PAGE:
The European Investment Bank will provide financing for the construction of the new K.I.E.L coastal power plant on Kieler Förde in Germany.
With €105 million (US$111 million), the European Investment Bank (EIB) is making the largest contribution to the project’s financing. The EU bank’s loan is backed by guarantees from the European Fund for Strategic Investments (EFSI), in which the EIB is the European Commission’s strategic partner. The project has a total budget of around €290 million (US$308 million).
Gas-fired thermal power plant on Kieler Förde, will generate 190 MW of electrical and 192 MW of thermal energy. It is expected to come on stream in two years and, from autumn 2018, will generate heat and gas with 20 high-efficiency natural-gas engine generator sets.
Stadtwerke Kiel’s CEO Frank Meier stated:
“K.I.E.L stands for Kiel’s Intelligent Energy Solution in German. The coastal power plant will secure the thermal energy supply in Kiel and make an important contribution to the energy transition and environmental protection. This project, which is unique in Europe, sets new standards in terms of flexibility, efficiency and environmental sustainability.”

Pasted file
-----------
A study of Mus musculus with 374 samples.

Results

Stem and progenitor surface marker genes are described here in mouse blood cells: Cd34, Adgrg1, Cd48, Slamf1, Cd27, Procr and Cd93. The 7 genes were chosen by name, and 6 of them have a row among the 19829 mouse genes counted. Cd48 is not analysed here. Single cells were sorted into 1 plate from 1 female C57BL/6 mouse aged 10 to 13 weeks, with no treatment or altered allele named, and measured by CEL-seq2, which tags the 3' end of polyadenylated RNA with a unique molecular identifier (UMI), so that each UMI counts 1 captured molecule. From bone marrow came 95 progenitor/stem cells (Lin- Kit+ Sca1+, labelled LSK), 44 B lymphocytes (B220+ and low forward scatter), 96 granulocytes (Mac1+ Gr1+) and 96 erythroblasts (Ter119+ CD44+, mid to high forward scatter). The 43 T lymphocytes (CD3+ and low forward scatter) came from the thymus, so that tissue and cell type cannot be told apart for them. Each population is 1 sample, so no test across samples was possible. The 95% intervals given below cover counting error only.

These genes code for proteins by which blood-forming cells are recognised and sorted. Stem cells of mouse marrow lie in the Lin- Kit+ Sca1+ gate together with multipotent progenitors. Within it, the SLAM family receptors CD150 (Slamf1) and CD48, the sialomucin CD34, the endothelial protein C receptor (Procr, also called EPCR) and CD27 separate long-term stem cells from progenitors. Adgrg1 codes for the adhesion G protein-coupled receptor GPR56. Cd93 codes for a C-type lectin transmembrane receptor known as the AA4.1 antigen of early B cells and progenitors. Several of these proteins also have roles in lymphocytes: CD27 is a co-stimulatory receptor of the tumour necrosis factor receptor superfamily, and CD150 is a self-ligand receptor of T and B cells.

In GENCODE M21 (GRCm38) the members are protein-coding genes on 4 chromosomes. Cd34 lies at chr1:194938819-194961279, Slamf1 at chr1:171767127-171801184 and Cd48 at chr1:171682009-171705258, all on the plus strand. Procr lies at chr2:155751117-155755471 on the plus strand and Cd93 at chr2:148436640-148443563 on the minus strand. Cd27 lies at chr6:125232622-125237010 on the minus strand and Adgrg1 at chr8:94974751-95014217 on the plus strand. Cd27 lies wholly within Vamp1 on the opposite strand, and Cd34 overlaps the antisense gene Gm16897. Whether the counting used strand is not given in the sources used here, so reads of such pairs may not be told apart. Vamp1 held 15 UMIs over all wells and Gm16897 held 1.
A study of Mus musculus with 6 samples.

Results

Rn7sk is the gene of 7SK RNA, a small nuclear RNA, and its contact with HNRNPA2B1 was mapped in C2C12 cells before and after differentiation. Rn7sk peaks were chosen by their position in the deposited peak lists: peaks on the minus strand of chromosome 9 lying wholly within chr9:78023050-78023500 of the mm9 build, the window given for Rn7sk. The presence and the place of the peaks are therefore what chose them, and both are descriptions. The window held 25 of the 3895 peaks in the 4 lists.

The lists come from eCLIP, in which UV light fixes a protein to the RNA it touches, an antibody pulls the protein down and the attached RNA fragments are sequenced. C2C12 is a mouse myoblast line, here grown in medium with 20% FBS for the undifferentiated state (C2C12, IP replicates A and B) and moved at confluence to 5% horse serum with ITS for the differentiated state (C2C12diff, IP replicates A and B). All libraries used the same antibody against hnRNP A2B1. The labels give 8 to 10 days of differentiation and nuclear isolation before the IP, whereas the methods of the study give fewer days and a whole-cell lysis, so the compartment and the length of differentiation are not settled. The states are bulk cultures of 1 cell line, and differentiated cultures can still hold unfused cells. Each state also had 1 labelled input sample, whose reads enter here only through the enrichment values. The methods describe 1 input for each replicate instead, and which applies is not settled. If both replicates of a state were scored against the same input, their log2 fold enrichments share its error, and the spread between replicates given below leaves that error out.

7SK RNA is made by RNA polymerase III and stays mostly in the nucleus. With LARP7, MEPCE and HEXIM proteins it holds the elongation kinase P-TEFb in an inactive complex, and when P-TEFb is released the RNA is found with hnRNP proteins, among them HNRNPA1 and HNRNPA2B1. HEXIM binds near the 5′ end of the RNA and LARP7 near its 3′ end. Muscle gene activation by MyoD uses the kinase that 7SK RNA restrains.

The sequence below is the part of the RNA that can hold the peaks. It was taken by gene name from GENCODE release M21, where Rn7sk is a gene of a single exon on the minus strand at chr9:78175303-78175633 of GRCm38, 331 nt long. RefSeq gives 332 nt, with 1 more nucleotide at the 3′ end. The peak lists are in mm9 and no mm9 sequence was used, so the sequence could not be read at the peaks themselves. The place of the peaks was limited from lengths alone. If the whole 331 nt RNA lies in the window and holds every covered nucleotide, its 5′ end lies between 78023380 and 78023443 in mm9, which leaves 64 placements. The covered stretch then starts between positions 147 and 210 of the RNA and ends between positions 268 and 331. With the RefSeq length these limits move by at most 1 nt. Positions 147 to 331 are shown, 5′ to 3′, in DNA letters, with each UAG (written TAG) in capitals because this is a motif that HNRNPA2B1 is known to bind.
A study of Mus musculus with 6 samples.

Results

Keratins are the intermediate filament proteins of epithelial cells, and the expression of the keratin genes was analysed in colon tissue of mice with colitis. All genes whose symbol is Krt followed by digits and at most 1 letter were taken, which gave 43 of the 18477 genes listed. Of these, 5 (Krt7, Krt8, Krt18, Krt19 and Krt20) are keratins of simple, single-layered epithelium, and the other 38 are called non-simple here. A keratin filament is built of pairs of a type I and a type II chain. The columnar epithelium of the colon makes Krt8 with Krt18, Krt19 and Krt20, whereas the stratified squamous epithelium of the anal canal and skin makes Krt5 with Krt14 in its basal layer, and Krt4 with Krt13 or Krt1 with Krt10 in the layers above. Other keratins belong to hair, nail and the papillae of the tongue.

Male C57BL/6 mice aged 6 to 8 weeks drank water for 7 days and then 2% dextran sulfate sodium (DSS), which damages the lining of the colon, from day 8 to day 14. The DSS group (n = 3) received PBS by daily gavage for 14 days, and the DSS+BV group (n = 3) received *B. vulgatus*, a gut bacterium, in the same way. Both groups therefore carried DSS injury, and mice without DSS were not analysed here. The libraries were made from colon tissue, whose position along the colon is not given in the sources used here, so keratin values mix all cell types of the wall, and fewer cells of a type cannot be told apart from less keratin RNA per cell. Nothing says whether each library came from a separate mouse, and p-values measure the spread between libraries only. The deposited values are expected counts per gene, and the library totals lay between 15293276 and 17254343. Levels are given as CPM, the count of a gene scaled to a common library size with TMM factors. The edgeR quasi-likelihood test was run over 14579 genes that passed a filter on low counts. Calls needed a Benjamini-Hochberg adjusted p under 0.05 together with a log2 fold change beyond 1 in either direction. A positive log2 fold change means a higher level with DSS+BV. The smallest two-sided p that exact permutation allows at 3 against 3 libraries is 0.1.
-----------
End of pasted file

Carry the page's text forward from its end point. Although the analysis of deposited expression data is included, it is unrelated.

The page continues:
The EIB Vice-President responsible for operations in Germany and EFSI, Ambroise Fayolle, said:
“A sustainable, competitive and secure energy supply in Europe is one of the European Union’s priority objectives. As part of the EU’s investment offensive, the EU bank is providing targeted support for energy solutions which use innovative technology to improve environmental protection. I therefore very much welcome this cooperation with Stadtwerke Kiel.”
Maroš Šefčovič, Vice-President of the European Commission in charge of the Energy Union, added:
“Public funds cannot and should not replace private investment, but they can cover part of the risk, especially in the energy sector, and thus create a more favourable investment climate. I therefore appreciate the European Investment Bank’s decision to support the K.I.E.L coastal power station, which will make a significant contribution to Germany’s energy transition and Europe’s shift to a low-carbon economy.”
The K.I.E.L. coastal power plant will replace the coal-fired power plant that has been operating on Kiel’s East Bank since 1970. Owing to its modular generating concept, the new coastal power plant can respond flexibly to energy market requirements. The 20 gas engines housed in four blocks can reach full capacity in less than five minutes, and each engine can be adjusted individually and is capable of several starts a day.